Retired Brig. Gen. Chris King, Ph.D., (U.S. Army) will present a discussion on “Understanding the Threats to Peace and Security in the World from a Changing Climate” on Monday, Nov. 13, starting at 3:30 p.m. in the Jenkin and Barbara David Theater within Alumni Hall on Park University’s Parkville Campus. Admission to the event is free and open to the public.
In written testimony earlier this year for his Congressional confirmation as secretary of defense, retired U.S. Marine Corps Gen. James Mattis stated, “Climate change is impacting stability in areas of the world where our troops are operating today.” King’s presentation will examine the factors that have led Mattis and other senior military officers and defense experts to the conclusion that climate change is a significant threat to U.S. national security. King will also discuss strategic environmental security research, which is the academic discipline that links key environmental issues to peace and stability in the world. In addition, he will present case studies of the Tibetan Plateau in central and east Asia and the Nile River watershed in eastern Africa will be presented to demonstrate the concepts of environmental security.
King was commissioned into the Ordnance Corps in 1972 after completing his Bachelor of Science degree in chemical engineering at Tennessee Technological University. In 1974, he completed his Master of Science degree in civil engineering (environmental) and entered active duty as a sanitary engineer in the Medical Service Corps. As a junior officer, King completed numerous assignments within the Army’s Preventive Medicine Program and the Army Corps of Engineers. He earned his doctoral degree in environmental engineering from the University of Tennessee in 1988. His next assignment was as chief of the Environmental Health Engineering Division, U.S. Army Environmental Hygiene Activity-West, Aurora, Colo. In 1991, King deployed as the officer in charge of the Southwest Asia Health Risk Assessment Team., which determined health risk to U.S. troops exposed to the smoke from the Kuwait oil fires and supported the restoration of Kuwait.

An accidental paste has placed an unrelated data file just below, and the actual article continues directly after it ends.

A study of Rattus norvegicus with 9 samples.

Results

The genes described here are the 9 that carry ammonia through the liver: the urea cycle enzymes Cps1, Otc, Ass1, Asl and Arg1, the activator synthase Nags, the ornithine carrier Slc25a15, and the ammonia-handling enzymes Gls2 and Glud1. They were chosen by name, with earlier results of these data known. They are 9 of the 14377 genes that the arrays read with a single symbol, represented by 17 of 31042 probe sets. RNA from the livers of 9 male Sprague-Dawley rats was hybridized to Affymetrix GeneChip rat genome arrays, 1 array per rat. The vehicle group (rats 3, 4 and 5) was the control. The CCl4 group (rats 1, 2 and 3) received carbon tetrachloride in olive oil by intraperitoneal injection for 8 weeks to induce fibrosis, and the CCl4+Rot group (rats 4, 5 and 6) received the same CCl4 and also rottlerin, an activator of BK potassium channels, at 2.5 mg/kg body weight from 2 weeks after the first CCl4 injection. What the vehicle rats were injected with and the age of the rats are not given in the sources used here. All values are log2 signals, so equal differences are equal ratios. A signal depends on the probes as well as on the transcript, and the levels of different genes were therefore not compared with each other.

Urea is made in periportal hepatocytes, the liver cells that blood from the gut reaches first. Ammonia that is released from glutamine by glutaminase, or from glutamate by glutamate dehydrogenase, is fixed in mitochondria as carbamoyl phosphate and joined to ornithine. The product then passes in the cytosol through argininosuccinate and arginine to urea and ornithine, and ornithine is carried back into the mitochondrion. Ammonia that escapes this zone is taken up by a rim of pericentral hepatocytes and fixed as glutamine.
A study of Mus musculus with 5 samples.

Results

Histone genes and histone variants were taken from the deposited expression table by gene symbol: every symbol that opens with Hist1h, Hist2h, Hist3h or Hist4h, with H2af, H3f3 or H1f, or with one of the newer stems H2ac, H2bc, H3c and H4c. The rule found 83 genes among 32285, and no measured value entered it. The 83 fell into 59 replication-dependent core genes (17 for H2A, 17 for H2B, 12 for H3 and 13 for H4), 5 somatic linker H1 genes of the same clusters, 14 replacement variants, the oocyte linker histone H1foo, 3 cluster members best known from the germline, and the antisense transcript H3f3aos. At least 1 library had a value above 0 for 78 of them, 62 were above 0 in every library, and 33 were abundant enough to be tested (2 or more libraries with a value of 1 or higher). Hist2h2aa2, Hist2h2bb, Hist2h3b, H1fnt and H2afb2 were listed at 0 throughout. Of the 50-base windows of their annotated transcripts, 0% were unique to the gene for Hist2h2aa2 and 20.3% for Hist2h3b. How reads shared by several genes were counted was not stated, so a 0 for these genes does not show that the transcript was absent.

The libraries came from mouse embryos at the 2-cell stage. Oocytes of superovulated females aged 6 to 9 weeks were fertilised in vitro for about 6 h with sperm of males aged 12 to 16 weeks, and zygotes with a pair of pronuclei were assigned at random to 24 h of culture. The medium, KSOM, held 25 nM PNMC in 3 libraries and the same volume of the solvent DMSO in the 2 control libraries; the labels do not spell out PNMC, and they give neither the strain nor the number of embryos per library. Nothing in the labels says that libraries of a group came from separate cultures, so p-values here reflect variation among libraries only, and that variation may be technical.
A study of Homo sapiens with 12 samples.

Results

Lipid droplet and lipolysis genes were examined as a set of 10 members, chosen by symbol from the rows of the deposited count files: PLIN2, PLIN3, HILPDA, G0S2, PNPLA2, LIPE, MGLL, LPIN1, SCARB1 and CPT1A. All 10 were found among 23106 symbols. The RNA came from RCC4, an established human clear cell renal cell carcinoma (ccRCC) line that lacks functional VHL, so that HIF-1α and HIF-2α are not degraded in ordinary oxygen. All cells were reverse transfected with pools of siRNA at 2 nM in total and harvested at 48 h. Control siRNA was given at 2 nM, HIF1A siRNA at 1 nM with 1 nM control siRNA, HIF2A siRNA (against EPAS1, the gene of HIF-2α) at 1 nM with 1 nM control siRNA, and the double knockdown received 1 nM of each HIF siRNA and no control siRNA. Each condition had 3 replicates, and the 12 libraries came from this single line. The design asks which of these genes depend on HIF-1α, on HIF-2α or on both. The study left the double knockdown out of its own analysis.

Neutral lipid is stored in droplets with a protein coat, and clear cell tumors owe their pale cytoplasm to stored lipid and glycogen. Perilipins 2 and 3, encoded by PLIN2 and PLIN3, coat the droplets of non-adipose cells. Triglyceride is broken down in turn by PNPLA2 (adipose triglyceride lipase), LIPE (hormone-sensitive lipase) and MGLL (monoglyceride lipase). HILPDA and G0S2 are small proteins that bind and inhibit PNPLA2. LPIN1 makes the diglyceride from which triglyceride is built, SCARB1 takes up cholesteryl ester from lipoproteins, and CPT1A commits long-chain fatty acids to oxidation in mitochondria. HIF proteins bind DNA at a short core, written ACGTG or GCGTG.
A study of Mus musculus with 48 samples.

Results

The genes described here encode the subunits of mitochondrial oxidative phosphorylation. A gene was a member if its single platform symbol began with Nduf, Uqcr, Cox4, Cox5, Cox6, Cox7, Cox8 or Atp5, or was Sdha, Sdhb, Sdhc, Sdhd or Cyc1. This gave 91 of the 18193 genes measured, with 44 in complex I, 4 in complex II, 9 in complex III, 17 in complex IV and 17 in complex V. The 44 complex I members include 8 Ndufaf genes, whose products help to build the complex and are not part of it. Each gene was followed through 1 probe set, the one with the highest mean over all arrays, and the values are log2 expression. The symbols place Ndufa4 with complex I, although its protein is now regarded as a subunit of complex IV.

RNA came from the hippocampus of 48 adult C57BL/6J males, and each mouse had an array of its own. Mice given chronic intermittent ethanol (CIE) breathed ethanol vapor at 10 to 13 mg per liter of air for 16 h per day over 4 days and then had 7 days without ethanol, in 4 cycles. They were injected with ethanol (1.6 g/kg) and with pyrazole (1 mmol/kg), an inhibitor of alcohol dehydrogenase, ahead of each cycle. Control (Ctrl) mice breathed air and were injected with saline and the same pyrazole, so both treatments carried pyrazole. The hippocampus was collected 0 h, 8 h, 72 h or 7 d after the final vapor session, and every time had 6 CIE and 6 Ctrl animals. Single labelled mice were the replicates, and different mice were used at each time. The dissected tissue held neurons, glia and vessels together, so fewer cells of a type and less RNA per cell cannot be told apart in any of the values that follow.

In November 1991, King was selected to be an academy professor and program director of the environmental engineering program at the U.S. Military Academy. In 1998, Congress approved his presidential nomination to be professor and head of the Department of Geography and Environmental Engineering. In 1994, King was assigned to the Army Chief of Staff’s crisis action team for the Rwanda relief mission as the medical operations planner. In 2005, he was deployed to Afghanistan to the Office of Military Cooperation to assist in the development of the new Afghanistan Military Academy.
In 1992, King won the American Academy of Environmental Engineering Honor Award for his work on the Kuwait health risk assessment and the Army Science Award for outstanding research for his developments in geophysical subsurface remote sensing. In 2000, he completed a Master of Arts degree in national security and strategic studies at the Naval War College. King is a licensed professional engineer and is board certified by the American Academy of Environmental Engineers with a specialty in hazardous waste management. He is a founding member of the Global Military Advisory Council on Climate Change. He has authored two books, Environmental Engineering P.E. Examination Guide and Handbook, and Understanding International Environmental Security: A Strategic Military Perspective.
King retired from Army active duty in 2006, and earned the Distinguished Service Medal. From 2006-16, he served as the dean and chief academic officer of the Army’s Command and General Staff College at Fort Leavenworth, Kan., where he remains as dean emeritus.